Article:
Not all stress fractures are created equal. In addition to having varied causes, different exercises cause different types of fractures. The most common ones occur in the legs and feet, which makes sense when you consider the type of repeat impacts these extremities are subject to in runners. Those that happen in the lower leg bones, and similar cumulative stress injuries, are so common that we even have a colloquial term for them—shin splints.
Other stress fractures fall into the category of injuries we don’t think about much. That persistent back pain some athletes struggle with despite excellent core strength and posture? For some, the source is lumbar disc degeneration, but in gymnasts, divers and weightlifters, the source may actually be a stress fracture in the spine, known as spondylolysis, and can require significant rehab and even surgery.
Similarly, in long-distance runners, doctors occasionally see pelvic stress fractures. These are quite uncommon but have increased with the popularity of marathon running. They can occur at several different points along the bone and can also manifest as back pain. Additionally, teens may suffer this injury if they undertake a strenuous training practice and their pelvic growth plates have not yet closed.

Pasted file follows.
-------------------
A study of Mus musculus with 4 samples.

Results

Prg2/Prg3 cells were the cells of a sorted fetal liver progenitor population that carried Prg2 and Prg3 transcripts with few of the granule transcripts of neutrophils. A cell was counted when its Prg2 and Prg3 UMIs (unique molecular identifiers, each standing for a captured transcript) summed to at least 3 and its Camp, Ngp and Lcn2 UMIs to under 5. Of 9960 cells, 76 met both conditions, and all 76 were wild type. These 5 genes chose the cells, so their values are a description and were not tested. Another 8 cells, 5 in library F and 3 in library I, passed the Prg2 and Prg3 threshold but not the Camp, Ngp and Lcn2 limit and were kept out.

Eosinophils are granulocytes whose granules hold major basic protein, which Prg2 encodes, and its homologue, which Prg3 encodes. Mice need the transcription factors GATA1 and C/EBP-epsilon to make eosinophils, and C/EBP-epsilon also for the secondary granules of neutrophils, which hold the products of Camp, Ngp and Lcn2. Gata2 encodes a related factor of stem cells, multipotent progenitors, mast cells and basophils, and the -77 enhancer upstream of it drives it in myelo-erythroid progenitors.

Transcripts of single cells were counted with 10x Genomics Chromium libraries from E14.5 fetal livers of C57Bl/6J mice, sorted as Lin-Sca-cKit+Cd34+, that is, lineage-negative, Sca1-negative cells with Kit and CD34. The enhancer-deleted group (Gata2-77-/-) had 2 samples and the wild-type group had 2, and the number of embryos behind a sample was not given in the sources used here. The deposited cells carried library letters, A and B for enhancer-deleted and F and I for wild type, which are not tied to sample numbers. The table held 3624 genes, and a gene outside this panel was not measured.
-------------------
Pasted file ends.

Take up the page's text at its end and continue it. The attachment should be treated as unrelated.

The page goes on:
Though there’s no foolproof way to prevent stress fractures in serious athletes, there are several things you can do to reduce the likelihood and severity of such injuries.
First, be mindful of how your diet interacts with bone strength. In general, impact and weight bearing are good for long-term bone strength because they generate increased bone growth. For this to work, however, your body needs to have access to all the necessary vitamins and minerals. Calcium alone isn’t enough. Our bodies also need vitamin D and a mineral mix including iron, zinc, potassium and others. Athletes should also avoid smoking and consuming too much caffeine, both of which can deplete mineral stores and impact bone strength.
As mentioned above, women need to be especially careful. That’s because women are more prone to osteoporosis, a loss of bone density. Additionally, serious female athletes often experience variation in their menstrual cycles, which can result in hormonal imbalances and lead to a higher rate of bone loss and difficulty forming new bone. If your periods become irregular, see a doctor, increase your caloric intake, and consider slowing down your training.